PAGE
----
Growing Eggplant In Your Backyard or Garden

Eggplant growing in the gardenEggplants thrive best in full sun where summers are hot and long. It takes all summer for the plants to produce fruit. A long growing season with temperatures between 70° F and 85° is best.

Eggplants prefer well drained soils such as sandy loam amended with potash, compost and peat. Too much nitrogen from too much compost can cause the plants to produce too many leaves. So, don't overdo it. Soil pH should be between 5.8 and 6.5. The best way to determine your soil's fertilizer needs is to have it tested at your local Southern States dealer. If you are unable to have your soil tested, you can apply 3 pounds of 5-10-10 per 100 square feet.

Start seeds indoors 8 to 9 weeks before the last frost date in your area. Eggplant seeds germinate best at 70° to 90°F. When seedlings are 6 to 8 weeks old, begin to harden them off in preparation from transplanting. Plant them in the garden after all danger of frost has past and soil temperatures are warm.

If you purchase seedlings from a garden center for transplanting into your garden, avoid plants that are tall and spindly. Purchase plants without blossoms. Blossoms on newly planted seedlings will slow the growth and establishment of the plant. This will reduce fruit yield on the mature plant later.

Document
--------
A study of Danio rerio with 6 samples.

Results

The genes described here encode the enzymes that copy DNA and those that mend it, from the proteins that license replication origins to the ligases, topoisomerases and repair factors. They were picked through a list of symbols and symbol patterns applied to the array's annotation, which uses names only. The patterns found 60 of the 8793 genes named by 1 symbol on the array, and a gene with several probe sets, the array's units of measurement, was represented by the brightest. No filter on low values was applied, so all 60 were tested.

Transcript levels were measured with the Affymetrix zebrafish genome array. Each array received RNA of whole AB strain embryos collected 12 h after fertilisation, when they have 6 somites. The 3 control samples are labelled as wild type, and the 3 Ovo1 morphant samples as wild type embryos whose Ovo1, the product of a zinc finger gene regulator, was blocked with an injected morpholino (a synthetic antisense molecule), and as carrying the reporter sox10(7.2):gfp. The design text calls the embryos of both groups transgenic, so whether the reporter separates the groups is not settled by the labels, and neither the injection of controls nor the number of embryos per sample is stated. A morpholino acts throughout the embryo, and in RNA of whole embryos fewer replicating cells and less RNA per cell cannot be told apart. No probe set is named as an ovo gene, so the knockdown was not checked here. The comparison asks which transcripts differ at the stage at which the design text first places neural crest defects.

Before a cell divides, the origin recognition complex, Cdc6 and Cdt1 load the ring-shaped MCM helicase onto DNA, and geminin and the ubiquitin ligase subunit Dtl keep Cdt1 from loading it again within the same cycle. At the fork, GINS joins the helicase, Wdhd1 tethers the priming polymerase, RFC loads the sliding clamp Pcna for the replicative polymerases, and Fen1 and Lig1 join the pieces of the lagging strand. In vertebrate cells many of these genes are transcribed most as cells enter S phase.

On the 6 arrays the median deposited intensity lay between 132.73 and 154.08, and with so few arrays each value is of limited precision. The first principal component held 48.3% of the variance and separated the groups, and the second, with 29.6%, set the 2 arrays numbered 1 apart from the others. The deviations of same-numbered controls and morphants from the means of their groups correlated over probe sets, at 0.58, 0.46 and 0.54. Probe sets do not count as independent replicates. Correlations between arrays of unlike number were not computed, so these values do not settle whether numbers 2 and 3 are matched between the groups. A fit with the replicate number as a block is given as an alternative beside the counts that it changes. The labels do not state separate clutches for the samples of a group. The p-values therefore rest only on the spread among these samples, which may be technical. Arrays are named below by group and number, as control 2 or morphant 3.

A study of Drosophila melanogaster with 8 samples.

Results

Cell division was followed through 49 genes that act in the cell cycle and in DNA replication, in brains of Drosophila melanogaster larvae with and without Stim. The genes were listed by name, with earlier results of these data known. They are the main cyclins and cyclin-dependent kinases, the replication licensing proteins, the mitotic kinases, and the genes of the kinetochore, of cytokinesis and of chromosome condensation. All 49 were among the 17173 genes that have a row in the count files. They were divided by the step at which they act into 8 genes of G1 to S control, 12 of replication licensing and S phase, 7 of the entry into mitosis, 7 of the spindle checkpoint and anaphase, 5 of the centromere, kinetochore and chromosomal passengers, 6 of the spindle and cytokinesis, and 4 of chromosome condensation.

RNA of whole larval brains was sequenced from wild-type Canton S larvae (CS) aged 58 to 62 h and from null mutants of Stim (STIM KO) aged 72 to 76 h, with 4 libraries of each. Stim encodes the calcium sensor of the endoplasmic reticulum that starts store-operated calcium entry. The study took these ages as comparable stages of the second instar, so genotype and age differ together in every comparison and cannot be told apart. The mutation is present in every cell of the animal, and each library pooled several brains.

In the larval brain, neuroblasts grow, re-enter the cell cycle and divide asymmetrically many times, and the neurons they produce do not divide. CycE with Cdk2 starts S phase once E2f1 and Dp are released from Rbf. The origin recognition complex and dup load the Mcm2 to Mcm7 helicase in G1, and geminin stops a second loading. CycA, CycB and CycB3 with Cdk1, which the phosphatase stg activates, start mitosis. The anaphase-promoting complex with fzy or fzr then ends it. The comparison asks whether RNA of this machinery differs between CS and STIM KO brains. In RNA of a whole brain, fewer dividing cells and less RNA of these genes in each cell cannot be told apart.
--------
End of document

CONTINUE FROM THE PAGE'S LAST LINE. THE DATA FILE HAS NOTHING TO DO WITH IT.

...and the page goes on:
Plants should be spaced in rows 3 to 4 feet apart with individual plants spaced 2 to 3 feet apart. Sidedress your eggplants with 3 ozs. of lime per 10 feet of row when the fruits are the size of quarters. Sidedress them again three weeks later.

Water your eggplant crop to a soil depth of 6 inches often enough to keep the garden uniformly moist. Maintaining adequate water supply is most essential when the plants are setting fruit and throughout the fruiting period. A good layer of mulch will help to keep soil evenly moist and discourages weeds.

Harvest eggplants when the fruits are of good size but before the flesh becomes tough. The fruit is ripe when a fingernail print remains on the skin when the flesh is lightly pressed. Transplants obtained at a garden center will most likely reach maturity 60 to 80 days after planting. Eggplants raised from seed will take longer at 100 to 120 days. Harvest the fruits by cutting the stems with a garden knife. Harvest eggplants at least once per week when the fruits ripen. Twice a week is optimal.